Caribou area From our Files (week of July 25, 2018)
115 Years Ago – Jul. 28, 1903
Hay — A large quantity of hay was housed on Sunday, many farmers taking advantage of about the only hay day we have had lately. In view of the showery weather we have been having, who is there to blame then?
Normal School opening — The Normal School in Presque Isle will open for the first time on Sept. 10.
100 Years Ago – Jul. 31, 1918
Move — The building recently built by Dr. G.C. Upham on High Street, and which was purchased by the town for the purpose of widening High Street, has been sold to A.E. Wight, who is having it moved to Limestone Street, where it will be fitted for a tenement house.
Ouch — Fred Ellis accidentally got his foot caught in the planer knives while working in Collins Mill on Monday. He was at once taken to the Caribou Hospital.
75 Years Ago – Jul. 28, 1943
Nylander passes — Professor Olof Nylander, internationally known geologist and naturalist, curator of the local Nylander Museum, died suddenly early this morning en route to the Cary Memorial Hospital. He was 79. Funeral services will be held at 1:30 p.m. on Saturday at the Gray Memorial Methodist Church with the Rev. Mallard Nelson officiating. Following his return last spring from Bangor where he was engaged for research for the University of Maine, Mr. Nylander lived with his daughter, Mrs. George L. Ketch of Woodland until Tuesday, when he moved into a room at the Vaughan House.
Methods — More than 50 firemen from the Caribou area, including Limestone, Washburn, Woodland, New Sweden and Stockholm, attended the two-day session of the fire-fighting school at Caribou last Wednesday and Thursday. The school was presented by the state in an effort to promote uniform training and firefighting methods throughout Maine.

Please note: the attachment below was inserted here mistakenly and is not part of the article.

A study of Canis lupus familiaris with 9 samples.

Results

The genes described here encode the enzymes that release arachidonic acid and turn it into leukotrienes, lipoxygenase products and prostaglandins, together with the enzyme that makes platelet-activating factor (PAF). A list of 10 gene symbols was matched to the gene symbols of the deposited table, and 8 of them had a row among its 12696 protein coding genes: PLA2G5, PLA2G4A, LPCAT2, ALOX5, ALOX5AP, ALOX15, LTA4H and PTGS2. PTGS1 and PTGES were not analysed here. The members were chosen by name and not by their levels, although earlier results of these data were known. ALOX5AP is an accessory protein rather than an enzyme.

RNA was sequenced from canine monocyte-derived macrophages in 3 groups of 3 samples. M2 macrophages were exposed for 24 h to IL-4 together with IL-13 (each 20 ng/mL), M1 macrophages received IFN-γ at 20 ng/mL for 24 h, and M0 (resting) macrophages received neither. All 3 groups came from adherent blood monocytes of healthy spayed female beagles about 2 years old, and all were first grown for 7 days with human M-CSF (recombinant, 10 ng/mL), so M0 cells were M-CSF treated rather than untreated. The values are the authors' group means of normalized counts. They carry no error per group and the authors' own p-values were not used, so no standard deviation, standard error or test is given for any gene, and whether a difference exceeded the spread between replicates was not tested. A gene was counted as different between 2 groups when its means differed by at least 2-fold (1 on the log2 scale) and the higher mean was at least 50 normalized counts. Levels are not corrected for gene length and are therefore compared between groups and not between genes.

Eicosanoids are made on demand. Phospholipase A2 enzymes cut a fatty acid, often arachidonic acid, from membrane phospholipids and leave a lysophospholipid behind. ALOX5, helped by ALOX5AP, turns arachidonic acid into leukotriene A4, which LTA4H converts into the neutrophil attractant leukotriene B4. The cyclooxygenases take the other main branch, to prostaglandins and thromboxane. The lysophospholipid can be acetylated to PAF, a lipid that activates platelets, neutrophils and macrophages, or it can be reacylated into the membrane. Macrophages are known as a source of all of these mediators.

50 Years Ago – Jul. 31, 1968
Drill slated — Don’t panic Thursday at noon when you hear a steady siren blast for three to five minutes from the area of the fire department, followed by wavering, or short blasts of approximately the same duration. They will be Civil Defense Warning Signals conducted by the Caribou Defense office to test its warning equipment. The sole purpose of the national warning system is to assure that knowledge of a dangerous or threatening situation reaches the general public.
Quite satisfactory — A 17-year-old Caribou youth, Kurt Gregory, escaped serious injury in a one-car crash Sunday morning between Cross and Madawaska lakes. The son of Dr. and Mrs. Frederick J. Gregory, he was reported in “quite satisfactory condition” at Cary Memorial Hospital. The youth was alone in a Jeep wagon which reportedly left the road when traveling south on Route 161. The vehicle was demolished.
25 Years Ago – Jul. 28, 1993
Lyndon Center School — The grand opening of the new Lyndon Center School was attended by many people including school, city representatives and members of the Caribou Historical Society last Saturday morning at its location on the Presque Isle Road. The new one-room schoolhouse museum, built in memory of society member, Mildred B. Hatch, is furnished with her collection of related articles she donated to the society. Funds of the construction were contributed from the estate of former Caribou resident Norma Parsons Erb.
Council update — City Councilors Monday night voted 4-3 in favor of the airport committee’s recommendation to establish a department of the city to manage the municipal airport. The Council also amended the city’s sign ordinance, granted permission for a “kids’ parade” and teenagers’ street dance, and opened bids for the 1993-94 heating season.